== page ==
Nikon D5000 review

  • Expert Rating: We rate this 10 out of 10We rate this 10 out of 10We rate this 10 out of 10We rate this 10 out of 10We rate this 10 out of 10 Best Buy We rate this 10 out of 10

  • Price When Reviewed: £625 . £800

  • Pros: Class-leading results in low light; video alongside stills is a first for a digital SLR; fairly priced; kit lens is reasonably sharp and image-stabilized.

  • Cons: Video isn’t Full HD quality and sound is mono; recommended lens requires extra spend.


A well-constructed model aimed at both hobbyists and family users, the D5000, with its 12.3 million effective pixels, does direct battle with Canon’s 500D. It’s also Nikon’s least expensive HD video contender, sitting below the D90, which was the first digital SLR to incorporate video alongside stills capture.

The AVI file format, Motion JPEG video resolution is 1,280-x-720 pixels at a true-to-life frame rate of 24fps – in truth, more HD Ready than Full HD, and identical to that of its predecessor. Also like the D90, the D5000 produces mono sound.

Nikon markets the D5000 as a ‘perspective changer’. You record movies by selecting the camera’s Live View mode using a dedicated button (marked ‘Lv’). This flips the camera’s mirror mechanism out of the way, so the view through the lens is displayed in the 2.7-inch, 230,000-pixel monitor, rather than smaller optical viewfinder above. The image on screen is cropped to 16:9 ratio, to indicate how footage will look in replay.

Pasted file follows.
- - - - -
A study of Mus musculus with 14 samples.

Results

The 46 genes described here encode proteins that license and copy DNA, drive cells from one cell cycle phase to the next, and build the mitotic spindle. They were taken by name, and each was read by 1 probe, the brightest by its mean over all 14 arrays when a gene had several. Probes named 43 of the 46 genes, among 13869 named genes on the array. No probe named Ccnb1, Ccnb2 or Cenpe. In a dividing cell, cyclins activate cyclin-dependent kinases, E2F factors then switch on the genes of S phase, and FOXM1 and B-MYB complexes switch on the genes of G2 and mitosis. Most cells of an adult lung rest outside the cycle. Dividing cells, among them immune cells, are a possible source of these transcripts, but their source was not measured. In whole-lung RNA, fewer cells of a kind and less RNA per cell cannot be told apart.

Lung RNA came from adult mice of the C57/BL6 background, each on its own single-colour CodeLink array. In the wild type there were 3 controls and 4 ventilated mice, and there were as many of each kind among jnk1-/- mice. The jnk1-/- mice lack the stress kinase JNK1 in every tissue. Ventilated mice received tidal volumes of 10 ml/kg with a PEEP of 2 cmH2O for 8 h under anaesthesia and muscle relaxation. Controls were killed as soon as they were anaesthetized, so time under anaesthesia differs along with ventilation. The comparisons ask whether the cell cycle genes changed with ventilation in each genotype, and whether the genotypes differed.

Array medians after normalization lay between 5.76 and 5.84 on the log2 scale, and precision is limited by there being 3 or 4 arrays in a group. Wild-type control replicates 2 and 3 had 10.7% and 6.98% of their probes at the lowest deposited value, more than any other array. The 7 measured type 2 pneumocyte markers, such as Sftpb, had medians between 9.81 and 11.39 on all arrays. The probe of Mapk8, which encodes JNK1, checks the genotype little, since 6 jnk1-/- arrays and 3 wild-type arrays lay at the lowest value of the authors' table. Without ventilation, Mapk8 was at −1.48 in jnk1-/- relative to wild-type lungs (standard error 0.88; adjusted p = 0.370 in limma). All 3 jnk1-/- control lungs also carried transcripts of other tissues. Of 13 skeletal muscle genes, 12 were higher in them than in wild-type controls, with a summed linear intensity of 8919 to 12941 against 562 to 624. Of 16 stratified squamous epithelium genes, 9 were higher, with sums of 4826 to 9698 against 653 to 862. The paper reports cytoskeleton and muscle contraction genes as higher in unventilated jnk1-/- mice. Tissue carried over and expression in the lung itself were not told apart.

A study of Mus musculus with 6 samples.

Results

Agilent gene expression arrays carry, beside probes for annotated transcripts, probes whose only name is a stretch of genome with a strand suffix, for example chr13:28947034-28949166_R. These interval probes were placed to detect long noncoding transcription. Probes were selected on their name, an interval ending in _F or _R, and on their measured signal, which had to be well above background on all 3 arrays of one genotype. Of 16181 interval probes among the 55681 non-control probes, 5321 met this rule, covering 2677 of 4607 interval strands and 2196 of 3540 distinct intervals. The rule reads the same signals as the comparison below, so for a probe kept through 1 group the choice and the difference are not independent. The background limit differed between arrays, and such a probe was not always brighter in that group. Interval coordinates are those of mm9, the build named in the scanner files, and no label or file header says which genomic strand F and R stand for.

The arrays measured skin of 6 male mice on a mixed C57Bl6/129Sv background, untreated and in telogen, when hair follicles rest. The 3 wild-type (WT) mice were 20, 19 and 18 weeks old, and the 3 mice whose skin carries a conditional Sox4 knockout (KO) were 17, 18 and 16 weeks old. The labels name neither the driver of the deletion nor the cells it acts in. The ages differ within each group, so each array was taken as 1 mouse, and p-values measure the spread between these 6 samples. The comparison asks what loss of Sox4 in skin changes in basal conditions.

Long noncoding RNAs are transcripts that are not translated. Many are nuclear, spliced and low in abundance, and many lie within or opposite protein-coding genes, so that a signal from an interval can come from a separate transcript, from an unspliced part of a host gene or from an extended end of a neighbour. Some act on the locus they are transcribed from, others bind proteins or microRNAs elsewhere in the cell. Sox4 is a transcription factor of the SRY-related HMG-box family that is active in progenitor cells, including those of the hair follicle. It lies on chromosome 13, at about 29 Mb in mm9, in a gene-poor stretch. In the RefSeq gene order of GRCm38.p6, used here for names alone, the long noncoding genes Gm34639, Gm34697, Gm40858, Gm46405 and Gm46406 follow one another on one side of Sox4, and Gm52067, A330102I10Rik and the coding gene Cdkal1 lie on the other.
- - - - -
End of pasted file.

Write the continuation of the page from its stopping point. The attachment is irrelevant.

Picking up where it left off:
Unusually, the D5000’s LCD screen rotates 90 degrees in one direction and 180 degrees in the other, to provide greater flexibility when it comes to framing subjects. This is useful for shooting over the heads of a crowd or low to the ground, when getting an eye level with the viewfinder would be otherwise impossible.

You can also turn the screen to face inwards to the camera body to protect it when carrying the camera around.

In terms of user friendliness, a dedicated movie mode or Record button would have been handy – instead, recording starts with an unassuming ‘OK’ button at the centre of the D5000’s multi-selector pad. Maximum movie length is five minutes at full resolution, or 20 minutes for 640-x-424 or 320-x-216 pixel options in 3:2 ratio.

Video clips have a smooth, almost filmic quality to them, a better lens lifting them above what we’ve previously seen from point-and-shoot compacts. For this price, it looks like a very sensible option.